The 2020 NBA Finals are in full swing with the Lakers up 2-1 against the Heat, and while it's incredibly strange to watch playoff basketball in October like this, there was a point in time where it didn't even seem like a real possibility due to the coronavirus pandemic. The NBA bubble has gone off mostly without a hitch, though, and the league has done a tremendous job of keeping COVID-19 at bay. Commissioner Adam Silver and those who helped put this on certainly deserve a pat on the back, but this bubble is only temporary. After this season concludes, the league will have to figure out how to conduct next season without a bubble amid a pandemic that is still very prevalent.

Silver said recently that his best guess was that next season would start in 2021, as the NBA aims to play games in-market without a bubble present for the entirety of the upcoming season. Anything the league decides will have to be agreed upon by the National Basketball Players Association, and according to executive director of the NBPA, Michele Roberts, the players are seeing eye-to-eye on several topics regarding the start of next season.

"The latter part of January, February makes sense. If it's later than that, if we have a terrible winter because the virus decides to reassert herself, that's fine," Roberts said via The Athletic. "The absolute earliest would be January, and that's doable." 

Both sides agree that the following season should be 82 games, played in-market with reduced travel, and explore the possibility of having a set amount of fans at each game, per Shams Charania. Free agency is expected to begin no later than Dec. 1, and the projected salary cap isn't expected to fall much lower than what the league anticipated ($115 million) after COVID-19 shut everything down back in March. The league has already set a date for the 2020 NBA Draft, which is expected to take place on Nov. 18, but aside from that, nothing has been nailed down.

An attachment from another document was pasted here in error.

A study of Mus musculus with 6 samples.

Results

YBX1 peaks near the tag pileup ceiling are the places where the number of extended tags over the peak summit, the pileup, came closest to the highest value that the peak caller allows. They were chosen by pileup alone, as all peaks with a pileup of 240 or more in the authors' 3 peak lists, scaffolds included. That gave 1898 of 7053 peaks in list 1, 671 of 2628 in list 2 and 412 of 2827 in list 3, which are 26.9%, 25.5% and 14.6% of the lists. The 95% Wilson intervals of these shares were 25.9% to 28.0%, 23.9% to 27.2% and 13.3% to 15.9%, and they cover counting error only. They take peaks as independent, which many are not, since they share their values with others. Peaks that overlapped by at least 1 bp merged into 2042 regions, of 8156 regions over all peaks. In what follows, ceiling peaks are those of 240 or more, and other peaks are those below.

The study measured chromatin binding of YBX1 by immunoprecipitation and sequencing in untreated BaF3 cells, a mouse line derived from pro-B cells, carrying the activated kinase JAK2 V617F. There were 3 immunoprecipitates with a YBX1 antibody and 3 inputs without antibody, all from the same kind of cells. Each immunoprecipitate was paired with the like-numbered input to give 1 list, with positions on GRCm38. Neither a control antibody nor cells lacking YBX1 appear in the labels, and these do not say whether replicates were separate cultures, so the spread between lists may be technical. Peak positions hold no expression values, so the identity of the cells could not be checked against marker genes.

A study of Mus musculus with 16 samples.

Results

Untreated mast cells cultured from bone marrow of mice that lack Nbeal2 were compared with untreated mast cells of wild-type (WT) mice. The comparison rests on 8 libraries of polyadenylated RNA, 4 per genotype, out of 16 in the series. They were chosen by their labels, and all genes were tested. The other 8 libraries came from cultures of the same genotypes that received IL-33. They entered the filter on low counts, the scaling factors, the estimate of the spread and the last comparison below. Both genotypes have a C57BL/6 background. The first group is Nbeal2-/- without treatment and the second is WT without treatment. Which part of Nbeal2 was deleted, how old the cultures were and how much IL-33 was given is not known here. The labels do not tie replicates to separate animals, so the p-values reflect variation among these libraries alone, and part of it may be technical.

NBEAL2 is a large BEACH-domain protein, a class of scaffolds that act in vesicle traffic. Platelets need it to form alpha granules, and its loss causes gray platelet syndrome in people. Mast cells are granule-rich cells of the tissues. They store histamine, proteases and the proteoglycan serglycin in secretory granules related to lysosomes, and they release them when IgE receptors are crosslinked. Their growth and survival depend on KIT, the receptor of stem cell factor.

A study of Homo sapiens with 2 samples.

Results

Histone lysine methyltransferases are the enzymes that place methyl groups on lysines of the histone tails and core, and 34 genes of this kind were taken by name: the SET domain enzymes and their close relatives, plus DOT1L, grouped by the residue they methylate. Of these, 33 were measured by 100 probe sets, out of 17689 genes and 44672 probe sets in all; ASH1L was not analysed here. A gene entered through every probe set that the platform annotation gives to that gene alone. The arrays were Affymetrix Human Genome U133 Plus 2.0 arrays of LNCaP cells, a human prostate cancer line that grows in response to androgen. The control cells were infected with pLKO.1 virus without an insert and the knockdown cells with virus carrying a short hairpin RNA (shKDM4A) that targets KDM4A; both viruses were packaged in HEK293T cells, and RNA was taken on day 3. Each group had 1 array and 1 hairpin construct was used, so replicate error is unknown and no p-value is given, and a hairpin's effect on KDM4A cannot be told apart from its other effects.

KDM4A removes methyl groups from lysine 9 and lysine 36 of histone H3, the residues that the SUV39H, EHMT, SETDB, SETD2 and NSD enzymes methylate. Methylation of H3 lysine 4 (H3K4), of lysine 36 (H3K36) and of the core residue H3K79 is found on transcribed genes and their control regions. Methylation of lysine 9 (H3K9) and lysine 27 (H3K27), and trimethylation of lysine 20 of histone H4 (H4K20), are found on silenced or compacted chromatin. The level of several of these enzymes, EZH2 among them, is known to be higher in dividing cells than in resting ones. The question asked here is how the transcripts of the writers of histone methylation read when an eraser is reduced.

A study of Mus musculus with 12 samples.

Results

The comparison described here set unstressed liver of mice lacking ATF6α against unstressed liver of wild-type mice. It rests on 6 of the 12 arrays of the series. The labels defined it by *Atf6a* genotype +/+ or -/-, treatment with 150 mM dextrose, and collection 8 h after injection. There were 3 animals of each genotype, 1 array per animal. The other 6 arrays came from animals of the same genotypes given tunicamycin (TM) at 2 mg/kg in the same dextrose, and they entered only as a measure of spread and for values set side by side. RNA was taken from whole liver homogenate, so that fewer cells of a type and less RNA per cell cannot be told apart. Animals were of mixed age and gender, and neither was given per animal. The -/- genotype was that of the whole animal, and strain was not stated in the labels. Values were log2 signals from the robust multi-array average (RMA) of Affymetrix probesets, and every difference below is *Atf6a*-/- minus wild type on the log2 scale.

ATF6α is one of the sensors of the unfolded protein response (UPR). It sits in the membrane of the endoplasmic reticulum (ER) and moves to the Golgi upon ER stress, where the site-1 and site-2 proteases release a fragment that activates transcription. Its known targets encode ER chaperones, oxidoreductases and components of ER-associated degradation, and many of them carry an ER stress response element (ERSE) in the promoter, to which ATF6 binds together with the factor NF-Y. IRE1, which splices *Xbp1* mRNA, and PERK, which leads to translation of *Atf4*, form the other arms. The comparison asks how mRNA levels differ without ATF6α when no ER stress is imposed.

"Our players and the teams are on the same place here: We need to get a cap and we need to know what the tax is" Roberts said. "I think the teams want to … as quickly as possible after the draft and before free agency … plan and prepare. I don't blame them. The worst positions for teams to be in is having no certainty. One of the first orders of business will have to be to agree on the cap, agree on the tax, so teams can draft intelligently, trade intelligently and deal with free agency. And our players want to know, too. It's amazing what needs to be accomplished in the next six weeks, but it has to be done. I feel sooner rather than later."

Sooner rather than later is key, especially considering the NBA and players union agreed that an eight-week notice would be given to the players ahead of when next season would start. The longer the league goes without making a decision, the further back the season will start in 2021. If the two sides can't come to an agreement, a lockout for the upcoming season could be possible, although Roberts doesn't think it will come to that. 

"I would bet there is not a chance of a lockout," Roberts said. "If it happens, it will be absolutely because they are unreasonable and folks without any foresight are driving the train. I happen to think that Adam is neither of those. We're going to resolve this."

In relation to whether the league will ever get back to its typical fall-to-summer schedule, Roberts doesn't think it's possible, not just because of COVID-19, though, but because the owners see real value in pushing the start date of the season back permanently. 

"Even before COVID happened, there was a conversation about starting our season later," Roberts said. "Why compete with football in the fall? Why don't we start our season around Christmas? It may very well be that our regular schedule 
is going to change, not so much because of COVID, but because of the ability to experiment. I wouldn't bet on returning to the old normal."